Gina Walters


eye pressure range

Eye pressure is an important part when it comes to one’s eye health.

It is also known as Intraocular Pressure (IOP) and refers to the fluid pressure within the eye. 

The right balance of eye pressure is important to maintain one’s eye shape and function. 

Let us explore more about eye pressure range, factors that affect it, and what happens if the pressure increases or decreases.

Eye pressure range: What is normal

Eye pressure is defined by the balance between the production and drainage of the aqueous humor. 

The aqueous humor is the clear fluid that fills the front of the eye which is the area between  lens and the cornea. 

Maintaining normal eye pressure is important, as high eye pressure may cause problems like Glaucoma

On the other hand, low eye pressure can also lead to various vision problems.

Research shows that the normal eye pressure range is 10 to 20 millimeters of mercury (mm Hg).

Also, a person’s eye pressure depends on various factors like age, blood pressure, cornea thickness, and more. 

One should get regular eye pressure tests to check the IOP range and early detection of eye conditions.  

Know everything about pressure behind the eyes with our article: Pressure Behind the Eye and its Potential Risk Factors


High eye pressure or Intraocular Pressure (IOP) is when the fluid pressure inside the eye exceeds the normal range. 

The eye pressure above 21 mm Hg is considered high eye pressure and can be a cause for eye health concerns.

A study states that high Intraocular Pressure may increase one’s risk of Glaucoma. 

Glaucoma is an eye disease that may damage the optic nerve and cause vision loss problems. 

However, Open Angle Glaucoma is the most common type of Glaucoma, and it does not have any early noticeable symptoms. 

Therefore, regular eye examinations are important to detect the problem early and get proper treatment.

The common Glaucoma symptoms include eye pain, halo around lights, tunnel vision, and more.

Consult a doctor if you experience the above symptoms and discuss the Glaucoma treatment option.


Low eye pressure or Ocular Hypotony is when the eye fluid pressure is lower than the normal range.

It may result from high aqueous humor drainage or low eye fluid production. 

Various factors like eye trauma, surgery, or certain medical conditions can lead to low eye pressure.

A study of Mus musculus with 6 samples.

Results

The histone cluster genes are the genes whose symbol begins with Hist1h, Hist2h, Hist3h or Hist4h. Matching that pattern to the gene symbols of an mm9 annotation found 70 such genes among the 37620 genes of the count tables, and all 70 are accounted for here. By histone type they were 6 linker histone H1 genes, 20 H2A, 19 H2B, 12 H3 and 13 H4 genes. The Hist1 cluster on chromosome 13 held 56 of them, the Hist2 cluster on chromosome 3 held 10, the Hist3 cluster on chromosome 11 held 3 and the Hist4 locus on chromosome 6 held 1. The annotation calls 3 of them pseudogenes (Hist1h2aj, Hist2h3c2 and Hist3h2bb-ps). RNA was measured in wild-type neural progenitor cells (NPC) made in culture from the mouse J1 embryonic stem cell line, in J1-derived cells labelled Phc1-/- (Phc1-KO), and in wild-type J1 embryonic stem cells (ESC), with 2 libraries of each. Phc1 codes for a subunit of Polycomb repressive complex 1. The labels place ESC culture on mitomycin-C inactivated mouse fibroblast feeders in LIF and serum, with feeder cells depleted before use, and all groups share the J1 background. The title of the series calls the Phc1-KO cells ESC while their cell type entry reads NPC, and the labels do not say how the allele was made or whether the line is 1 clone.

Low eye pressure can increase the risk of vision problems, Retinal Detachment, and eye infections.

Some people may also observe eye pain or discomfort.

Consult an eye doctor to discuss your symptoms and get medical treatment to restore normal IOP. 

Explore the various ways to lower eye pressure with our article: How to Lower Eye Pressure and Improve Your Vision

Retinal Detachment: A serious eye condition where the retina separates from the underlying tissue and may lead to vision loss.

How to maintain normal eye pressure

Tonometry (Glaucoma eye checkup)
Regular eye checkup

As discussed, maintaining normal IOP is important for eye health and preventing conditions like Glaucoma. 

Here are some tips to help you maintain a healthy IOP:

  • Regular eye exams: One should consult a doctor for comprehensive eye exams. A tonometry test is used to measure one’s eye pressure.
  • Exercise: Regular physical activity can help control IOP. People with high eye pressure should aim for at least 30 minutes of exercise daily to help lower IOP.
  • Manage stress: High-stress levels can affect eye pressure. People should practice stress-reduction techniques like deep breathing, meditation, or yoga.
  • Limit caffeine, smoking, and alcohol: Excessive caffeine, alcohol, and smoking can increase the risk of high IOP. Limit or stop these activities to help maintain normal eye pressure.
  • Stay hydrated: Dehydration can also affect one’s eye pressure. Therefore, make sure to drink enough water throughout the day.

Consult a doctor and discuss your medical history or eye concerns to help maintain a healthy eye pressure level. 

Eye injury or trauma can also affect one’s IOP levels and cause Glaucoma. Use proper eye protection during activities that may harm your eyes.

Key takeaways

Eye pressure or Intraocular Pressure (IOP) is the fluid pressure inside one’s eyes.

A normal eye pressure ranges between 10 to 20 mm Hg and is important for good eye health.

Regular eye exams and maintaining normal eye pressure range are important, as high and low IOP may cause vision loss problems and affect eye health.

However, factors like age, medical conditions, injuries, medications, and lifestyle choices can affect a person’s eye pressure.

Consult a doctor for proper diagnosis, treatment plan, and medical advice.

Frequently Asked Questions

What is the normal range for eye pressure?

The normal range for eye pressure falls between 10 to 20 millimeters of mercury (mm Hg). It is important to maintain eye pressure in the normal range for good vision health.

What is the danger zone for eye pressure?

The danger zone for eye pressure normally begins when IOP exceeds 22 millimeters of mercury (mm Hg). High IOP can increase the risk of optic nerve damage and vision problems.

Is 22 eye pressure ok?

22 mm Hg falls in the category of high eye pressure level. However, some people may have naturally higher IOP without negative effects on their eye health.

Can I measure eye pressure at home?

No, one cannot and should not measure eye pressure at home. Measuring eye pressure requires specialized equipment and training. Individuals shouldn’t attempt this on their own and consult a doctor for an eye exam.

Is Glaucoma a serious condition?

Yes, Glaucoma is a serious eye condition. The Glaucoma symptoms are not noticeable in their early stages and may slowly lead to vision problems and blindness if not treated properly.